CDC enhances disease surveillance system
- By Nancy Ferris
- Nov 22, 2005
In a move to make the system more attractive to state and local governments, the Centers for Disease Control and Prevention is seeking a contractor to develop a hosted version of its National Electronic Disease Surveillance System (NEDSS).
The NEDSS system also has been modified to make it more modular and expandable, the CDC’s C. Scott Danos told an audience at the Government Health IT conference in Washington, D.C., Nov. 18. The core system is known as the NEDSS Base System.
NEDSS collects data for population health surveillance, allowing public health officials at the state, local and national levels to spot patterns of disease and respond promptly. Besides garden-variety infectious diseases, such as the flu and tuberculosis, the system can help in detecting outbreaks of unusual or deliberately introduced diseases.
However, only 10 states are using the federally supplied system, and not all of those are using it statewide or for all reportable diseases. Another eight states are preparing to install NEDSS, said Danos, who is a team leader for CDC’s National Center for Public Health Informatics. In other cases, states and localities are using other surveillance systems.
The new application service provider version will be created during the coming year and tested in four states with varying characteristics. Danos listed Rhode Island, Wyoming and Montana as likely partners for the pilot implementations.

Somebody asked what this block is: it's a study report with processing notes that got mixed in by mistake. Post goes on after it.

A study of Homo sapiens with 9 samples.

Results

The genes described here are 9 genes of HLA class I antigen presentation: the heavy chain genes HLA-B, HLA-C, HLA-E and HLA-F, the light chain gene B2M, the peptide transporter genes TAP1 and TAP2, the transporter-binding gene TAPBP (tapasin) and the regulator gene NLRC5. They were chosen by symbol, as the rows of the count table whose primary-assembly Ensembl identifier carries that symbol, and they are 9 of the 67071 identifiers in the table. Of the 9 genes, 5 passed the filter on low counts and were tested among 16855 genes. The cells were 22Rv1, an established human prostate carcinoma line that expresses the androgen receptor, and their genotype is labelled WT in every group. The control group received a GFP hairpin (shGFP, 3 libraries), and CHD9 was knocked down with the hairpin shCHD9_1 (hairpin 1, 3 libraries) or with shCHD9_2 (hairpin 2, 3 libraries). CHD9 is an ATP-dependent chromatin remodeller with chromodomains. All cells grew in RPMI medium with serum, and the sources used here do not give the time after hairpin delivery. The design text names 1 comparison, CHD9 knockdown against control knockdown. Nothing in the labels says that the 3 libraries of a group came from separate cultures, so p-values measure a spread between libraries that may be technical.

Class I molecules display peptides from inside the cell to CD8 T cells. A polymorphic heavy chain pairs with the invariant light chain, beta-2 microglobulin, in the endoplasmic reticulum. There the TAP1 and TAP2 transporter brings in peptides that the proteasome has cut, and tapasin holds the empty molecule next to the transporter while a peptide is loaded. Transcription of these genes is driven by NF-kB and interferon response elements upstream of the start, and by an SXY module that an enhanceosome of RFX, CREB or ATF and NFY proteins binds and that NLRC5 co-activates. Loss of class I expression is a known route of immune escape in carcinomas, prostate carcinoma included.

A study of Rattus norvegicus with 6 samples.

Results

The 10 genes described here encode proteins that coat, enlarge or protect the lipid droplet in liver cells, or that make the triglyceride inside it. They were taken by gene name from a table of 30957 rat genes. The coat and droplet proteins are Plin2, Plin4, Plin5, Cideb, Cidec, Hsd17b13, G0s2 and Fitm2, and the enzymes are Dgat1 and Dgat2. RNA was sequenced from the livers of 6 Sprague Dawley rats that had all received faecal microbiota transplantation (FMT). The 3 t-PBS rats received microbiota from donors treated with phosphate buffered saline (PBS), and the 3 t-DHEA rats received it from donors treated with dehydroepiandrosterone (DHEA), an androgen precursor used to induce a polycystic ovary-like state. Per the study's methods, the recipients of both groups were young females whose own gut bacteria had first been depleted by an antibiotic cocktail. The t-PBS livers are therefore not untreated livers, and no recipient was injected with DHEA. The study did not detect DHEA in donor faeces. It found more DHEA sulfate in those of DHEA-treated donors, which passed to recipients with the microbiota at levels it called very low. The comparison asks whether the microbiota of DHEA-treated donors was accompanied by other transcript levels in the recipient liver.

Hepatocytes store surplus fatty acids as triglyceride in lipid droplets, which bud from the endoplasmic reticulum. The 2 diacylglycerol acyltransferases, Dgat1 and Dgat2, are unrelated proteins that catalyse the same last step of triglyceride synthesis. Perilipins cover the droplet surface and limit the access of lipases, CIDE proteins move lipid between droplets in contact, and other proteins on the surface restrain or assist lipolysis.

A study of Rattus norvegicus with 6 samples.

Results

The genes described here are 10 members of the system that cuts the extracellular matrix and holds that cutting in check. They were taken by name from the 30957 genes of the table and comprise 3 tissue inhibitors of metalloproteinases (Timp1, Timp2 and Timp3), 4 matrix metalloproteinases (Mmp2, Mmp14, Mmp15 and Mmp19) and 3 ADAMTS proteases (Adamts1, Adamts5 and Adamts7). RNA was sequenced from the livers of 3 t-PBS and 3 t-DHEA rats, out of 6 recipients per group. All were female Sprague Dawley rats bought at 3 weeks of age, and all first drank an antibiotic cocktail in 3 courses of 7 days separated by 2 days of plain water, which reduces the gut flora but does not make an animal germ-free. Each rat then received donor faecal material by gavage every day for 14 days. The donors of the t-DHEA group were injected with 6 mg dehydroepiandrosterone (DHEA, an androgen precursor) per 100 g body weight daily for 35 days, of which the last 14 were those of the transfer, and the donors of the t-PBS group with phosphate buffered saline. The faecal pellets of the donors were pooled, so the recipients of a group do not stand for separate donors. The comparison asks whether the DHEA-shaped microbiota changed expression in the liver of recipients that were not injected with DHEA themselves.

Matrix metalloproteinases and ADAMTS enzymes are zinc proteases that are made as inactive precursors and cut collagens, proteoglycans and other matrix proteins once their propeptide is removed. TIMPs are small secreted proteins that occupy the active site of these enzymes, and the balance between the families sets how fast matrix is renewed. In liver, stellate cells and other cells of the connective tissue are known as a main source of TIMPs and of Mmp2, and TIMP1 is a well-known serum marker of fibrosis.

The CDC projects that as many as 20 state and local public health departments may begin using the system in the next three years.
The CDC contract will be awarded through the General Services Administration’s Applications ’n Support for Widely Diverse End User Requirements governmentwide contract vehicle. Danos said the request for proposals has a large footprint.
Ten large systems integrators are eligible to bid on the work through ANSWER. Two of them, Computer Sciences Corp. and Science Applications International Corp., have worked on NEDSS since 2001.
Danos said state and local governments often lack the money and IT skills to install and operate a system such as NEDSS. “The tools that they need to [implement it] are in short supply,” he said. For example, tech-savvy employees often leave for higher-paying private-sector jobs, he said.
The application service provider version will be easier for public health departments to use, CDC officials hope, because an IT company will operate and maintain it.
Despite the relatively low rate of NEDSS implementation, Danos said, NEDSS was generating a lot of valuable data from one of the country’s largest medical laboratory services companies, LabCorp. He said LabCorp is providing three times as many reports as it used to when it relied on paper, telephone and faxes to report lab results related to reportable diseases. An average 24-day delay in getting the data to CDC has been reduced to three days, he said.
The NEDSS Base System also is being enhanced with new commercial messaging, geocoding and record de-duplication capabilities, Danos said.